Friday, 23 Mar 2018
Can Stress Make Me Sick?
By Private Therapy Clinic
As we learn more about how our minds and bodies interact, we are getting more knowledgeable about the role of stress when it comes to our health.
Stress is a normal function and, at times, stress can be very useful. For example, when we are facing an imminent threat (for instance, if we are crossing the road and there’s a car barrelling towards us, or if someone is trying to attack us) we go into fight-or-flight mode. Our body secretes an extra burst of adrenaline, and we are better able to remove ourselves from danger. In emergency situations, stress can help us to stay safe.
In terms of our health, however, chronic stress can cause and/or aggravate health problems of all sorts. Basically, when we have chronic stress, we are in fight or flight mode all the time. That means that our bodies are making high levels of adrenaline and other hormones associated with stress, such as cortisol, even when there is no immediate risk to our well-being.
This puts our bodies under enormous pressure. If we already have an underlying health condition like diabetes or irritable bowel syndrome (or many more), our symptoms are likely to be worse. Addictive conditions like alcoholism, abuse of other substances, and over-eating can all be made much worse by stress, and all of those problems are a challenge to our health as well.
Psychologically, chronic stress can be very damaging too. We may find it hard to sleep well, and struggle with tiredness all day. Our temper is likely to be bad, and we may find ourselves snapping and lashing out at the people we care about. The more difficult things become, the greater the pressure on our self-esteem, and if our self-esteem is knocked, we can spiral into a pattern of ever greater stress.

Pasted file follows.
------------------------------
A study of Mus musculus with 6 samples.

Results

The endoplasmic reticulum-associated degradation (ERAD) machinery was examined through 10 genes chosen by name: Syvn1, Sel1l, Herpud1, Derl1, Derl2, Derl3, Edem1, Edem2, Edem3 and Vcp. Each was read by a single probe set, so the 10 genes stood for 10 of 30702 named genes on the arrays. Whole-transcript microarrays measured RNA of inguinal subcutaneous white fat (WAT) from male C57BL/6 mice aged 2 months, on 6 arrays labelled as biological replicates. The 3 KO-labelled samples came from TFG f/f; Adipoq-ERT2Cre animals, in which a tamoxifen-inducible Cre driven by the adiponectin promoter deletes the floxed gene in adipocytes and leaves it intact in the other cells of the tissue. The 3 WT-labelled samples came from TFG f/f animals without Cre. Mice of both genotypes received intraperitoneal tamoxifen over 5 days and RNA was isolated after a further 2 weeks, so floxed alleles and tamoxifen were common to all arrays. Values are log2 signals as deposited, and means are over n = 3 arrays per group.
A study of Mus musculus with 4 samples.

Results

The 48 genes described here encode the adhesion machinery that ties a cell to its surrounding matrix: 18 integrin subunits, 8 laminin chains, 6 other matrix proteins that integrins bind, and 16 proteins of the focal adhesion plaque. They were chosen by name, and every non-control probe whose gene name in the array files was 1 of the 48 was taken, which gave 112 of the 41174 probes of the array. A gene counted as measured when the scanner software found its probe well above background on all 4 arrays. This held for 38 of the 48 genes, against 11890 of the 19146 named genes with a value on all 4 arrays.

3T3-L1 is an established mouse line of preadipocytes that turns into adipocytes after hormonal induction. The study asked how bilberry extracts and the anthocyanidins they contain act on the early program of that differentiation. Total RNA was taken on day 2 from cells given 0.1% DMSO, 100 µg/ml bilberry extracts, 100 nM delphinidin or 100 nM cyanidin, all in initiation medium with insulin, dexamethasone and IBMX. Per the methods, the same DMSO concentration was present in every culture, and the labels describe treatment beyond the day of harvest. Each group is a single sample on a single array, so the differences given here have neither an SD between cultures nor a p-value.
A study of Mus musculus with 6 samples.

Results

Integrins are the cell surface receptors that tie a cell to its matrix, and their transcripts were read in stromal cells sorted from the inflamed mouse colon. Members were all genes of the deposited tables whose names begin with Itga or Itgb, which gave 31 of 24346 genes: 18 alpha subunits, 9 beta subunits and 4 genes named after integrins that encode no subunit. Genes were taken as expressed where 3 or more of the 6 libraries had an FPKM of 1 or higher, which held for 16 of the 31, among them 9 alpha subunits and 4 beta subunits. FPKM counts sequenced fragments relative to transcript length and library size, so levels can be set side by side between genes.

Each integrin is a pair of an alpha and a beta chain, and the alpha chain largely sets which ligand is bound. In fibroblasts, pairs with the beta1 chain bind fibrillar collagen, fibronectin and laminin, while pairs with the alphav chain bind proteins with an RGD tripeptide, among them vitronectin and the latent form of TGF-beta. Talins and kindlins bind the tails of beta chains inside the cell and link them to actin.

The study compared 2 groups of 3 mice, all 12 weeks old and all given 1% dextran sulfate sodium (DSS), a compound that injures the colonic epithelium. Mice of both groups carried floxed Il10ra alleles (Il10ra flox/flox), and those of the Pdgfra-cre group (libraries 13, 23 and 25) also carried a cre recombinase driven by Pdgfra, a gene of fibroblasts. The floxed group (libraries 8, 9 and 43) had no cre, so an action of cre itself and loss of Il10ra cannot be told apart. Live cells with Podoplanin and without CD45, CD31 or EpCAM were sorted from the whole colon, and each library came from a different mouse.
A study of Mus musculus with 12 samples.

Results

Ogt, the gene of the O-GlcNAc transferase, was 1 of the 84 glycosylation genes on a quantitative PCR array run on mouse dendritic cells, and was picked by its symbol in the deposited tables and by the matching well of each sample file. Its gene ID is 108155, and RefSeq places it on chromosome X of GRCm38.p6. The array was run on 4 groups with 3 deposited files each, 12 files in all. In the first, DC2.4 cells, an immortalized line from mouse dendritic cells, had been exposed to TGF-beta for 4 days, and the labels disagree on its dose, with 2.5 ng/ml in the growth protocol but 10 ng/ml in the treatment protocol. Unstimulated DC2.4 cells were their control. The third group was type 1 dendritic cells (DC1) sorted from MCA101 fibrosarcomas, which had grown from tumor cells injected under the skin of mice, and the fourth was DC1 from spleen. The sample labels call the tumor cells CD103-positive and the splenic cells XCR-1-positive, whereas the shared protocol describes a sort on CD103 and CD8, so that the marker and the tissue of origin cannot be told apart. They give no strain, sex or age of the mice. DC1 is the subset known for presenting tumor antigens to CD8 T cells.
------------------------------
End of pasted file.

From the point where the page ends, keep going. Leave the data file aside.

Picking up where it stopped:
The good news is that there are many ways in which stress can be treated. Simple approaches like getting more exercise can make a big difference, as can mindfulness techniques and psychotherapy. There is no one size fits all approach, and each person with stress has to find their own way towards greater happiness. It may not always be possible to eliminate all of the sources of our stress, but if we can remove or reduce at least some of them, all the better.
As our levels of chronic stress improve, we are likely to find improvements in our physical health too. Some health problems might never go away, but symptoms will be less severe and more manageable, and with a happier, sunnier outlook, we will find that they cause fewer problems in our daily lives.
Chronic stress is a common feature of modern living, but we don’t have to just put up with it.
WHO CAN I SPEAK TO FURTHER ABOUT THE ISSUES IN THIS ARTICLE?
For help with the issues discussed in this article speak to one of our therapists here at Private Therapy Clinic for a free initial chat or to make an appointment.